Insiders Wearing Their Bullishness

Photo by Bernard Hermant on Unsplash

When investors see insiders loading up on their stock, especially when a few have a solid history of buying when the stock is lower and selling when it’s higher, it might be a good idea to give that company some consideration.

Last week, a trio of  Crocs, Inc. (CROX) insiders combined to buy 6,712 shares for $485,553.92. Since the middle of February, a total of five CROX executives acquired shares, outlaying $3,531,255. (1) A pair of the shoppers have a history of buying Crocs shares at lower prices and selling at a higher price.

Director Ronald Frasch spent a quarter million dollars on Crocs shares on March 16th at $77.02. Prior to that, he sold shares twice in 2021 at $153.92 and $101.45, from the most recent back. In 2016 and 2014, Frasch was a buyer, acquiring stock at $9.22 and $12.88. In 2012, he sold at $13.67 and $19.79. (2) Director Frasch appears to have a history of being on the right side of the trade.

Director Thomas Smach also has a knack of getting it right. Smach bought twice since February 17th. He wrote a check for more than $1 million in the middle of February and wrote another for $390,194 on March 3rd. (2) His previous four transactions were sales between $20.14 to $38, which followed a trio of buys between $9.98 and $12.60. Smach was a pure seller from 2007 to 2014 as the stock fell. He started his selling streak at $50.01 in 2007 which followed a 20,000-share purchase at $21 in 2006. (3)

In case you don’t know, Crocs is a world leader in innovative casual footwear for men, women, and children. Its offerings include clogs, sandals, slides, flip-flops, boots, flats, wedges, platforms, socks, shoe charms, loafers, sneakers, and slippers. The company sells its products in approximately 85 countries.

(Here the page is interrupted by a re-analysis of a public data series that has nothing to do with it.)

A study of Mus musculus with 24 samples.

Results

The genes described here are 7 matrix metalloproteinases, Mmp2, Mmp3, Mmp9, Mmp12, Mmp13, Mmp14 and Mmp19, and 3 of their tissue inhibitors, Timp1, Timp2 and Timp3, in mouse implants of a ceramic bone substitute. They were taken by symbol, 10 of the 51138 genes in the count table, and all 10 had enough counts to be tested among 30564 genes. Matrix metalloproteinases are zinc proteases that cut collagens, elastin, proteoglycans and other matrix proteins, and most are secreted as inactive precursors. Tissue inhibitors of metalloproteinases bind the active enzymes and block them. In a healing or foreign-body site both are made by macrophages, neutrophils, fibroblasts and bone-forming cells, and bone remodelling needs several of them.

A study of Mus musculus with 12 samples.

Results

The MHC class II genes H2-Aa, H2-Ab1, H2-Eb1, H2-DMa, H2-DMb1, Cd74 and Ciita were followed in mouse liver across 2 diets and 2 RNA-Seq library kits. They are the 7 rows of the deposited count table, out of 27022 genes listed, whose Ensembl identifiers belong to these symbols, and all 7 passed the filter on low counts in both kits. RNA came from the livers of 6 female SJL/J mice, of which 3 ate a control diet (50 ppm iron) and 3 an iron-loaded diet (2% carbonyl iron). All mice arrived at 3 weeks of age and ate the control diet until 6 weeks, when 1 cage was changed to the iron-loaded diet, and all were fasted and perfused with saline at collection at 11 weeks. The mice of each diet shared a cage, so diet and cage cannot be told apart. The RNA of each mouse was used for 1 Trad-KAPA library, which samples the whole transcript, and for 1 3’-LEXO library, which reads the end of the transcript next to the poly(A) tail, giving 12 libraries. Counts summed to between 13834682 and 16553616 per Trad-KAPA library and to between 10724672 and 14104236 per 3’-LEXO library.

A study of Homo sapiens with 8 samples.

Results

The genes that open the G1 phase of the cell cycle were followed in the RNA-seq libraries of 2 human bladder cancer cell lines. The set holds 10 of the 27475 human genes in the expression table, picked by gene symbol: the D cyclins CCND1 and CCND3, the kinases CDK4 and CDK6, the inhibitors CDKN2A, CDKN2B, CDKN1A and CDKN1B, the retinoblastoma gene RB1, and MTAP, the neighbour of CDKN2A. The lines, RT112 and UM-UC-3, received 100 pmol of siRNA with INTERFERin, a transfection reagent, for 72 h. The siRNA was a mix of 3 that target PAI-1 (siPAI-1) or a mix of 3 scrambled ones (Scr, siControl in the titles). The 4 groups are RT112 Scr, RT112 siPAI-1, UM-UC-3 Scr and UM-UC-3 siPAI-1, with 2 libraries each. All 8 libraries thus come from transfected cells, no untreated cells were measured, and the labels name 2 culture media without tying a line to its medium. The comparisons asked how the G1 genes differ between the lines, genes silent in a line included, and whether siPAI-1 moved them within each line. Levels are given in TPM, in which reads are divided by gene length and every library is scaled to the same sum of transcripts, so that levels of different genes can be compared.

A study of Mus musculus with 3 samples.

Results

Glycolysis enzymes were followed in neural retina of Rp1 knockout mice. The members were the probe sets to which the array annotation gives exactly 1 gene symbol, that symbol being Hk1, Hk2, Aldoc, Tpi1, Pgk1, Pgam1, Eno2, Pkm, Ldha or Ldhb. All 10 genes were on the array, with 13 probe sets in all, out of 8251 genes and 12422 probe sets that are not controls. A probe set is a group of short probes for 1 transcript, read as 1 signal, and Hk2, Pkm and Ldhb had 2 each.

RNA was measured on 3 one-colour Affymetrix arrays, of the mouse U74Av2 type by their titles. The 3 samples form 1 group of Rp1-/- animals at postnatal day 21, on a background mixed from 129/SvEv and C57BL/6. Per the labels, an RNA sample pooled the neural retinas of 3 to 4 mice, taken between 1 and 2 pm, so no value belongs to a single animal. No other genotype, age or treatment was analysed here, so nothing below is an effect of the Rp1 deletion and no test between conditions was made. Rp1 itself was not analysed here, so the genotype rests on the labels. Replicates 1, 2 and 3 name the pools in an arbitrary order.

The handful of insiders loaded up on the shoemaker $100 below its 52-week high of $183.88. As we type, CROX trades at $83.12 and Wall Street has a one-year price target of $165.63. (4) Analysts expect the footwear company’s earnings to increase aggressively this year and next. The consensus for 2022 is $10.01, up from $8.32 in 2021. For 2023, the consensus earnings per share (EPS) jumps to $12.33. Sales are also expected to leap forward to $4.06 billion in 2023 from this year’s projection of $3.42 billion. (5)

Despite the projected attractive earnings and sales growth, CROX trades at a discount to its peer group based on Price to Earnings (P/E). The typical company in the space trades at 18.5 earnings vs 10 for CROX, which is the five-year low for the shoemaker. The average P/E for Crocs is 48.43 since 2017.

If CROX maintains its discounted P/E of 10 and hits Wall Street’s 2023 projection of $12.33 and trades at 10 times earnings, then the stock could potentially hit $123.30. At the industry average P/E of 18.5, the possible price target jumps to $228.72.

The peer P/E could prove to be a touch on the conservative side as it’s been our experience that most companies trade at a premium to their growth. For example, for the last five years, CROX averaged growth of 23.2% with an average P/E of 48.43. So, there is room for multiple expansion if Crocs meets or exceeds anticipated earnings expansion.

Overall: Crocs, Inc. (CROX) appears to offer investors an attractive reward-to-risk ratio. The specialty shoemaker doesn’t need to trade with crazy valuations for its share price to increase by nearly 50% in the next two years, provided they hit analyst expectations for 2023. Of course, the risk is that the economy slows or heads into recession and consumers spend less, maybe a lot less than expected.

CROX is appropriate for growth investors with an above-average risk tolerance and a time horizon of at least 18 months.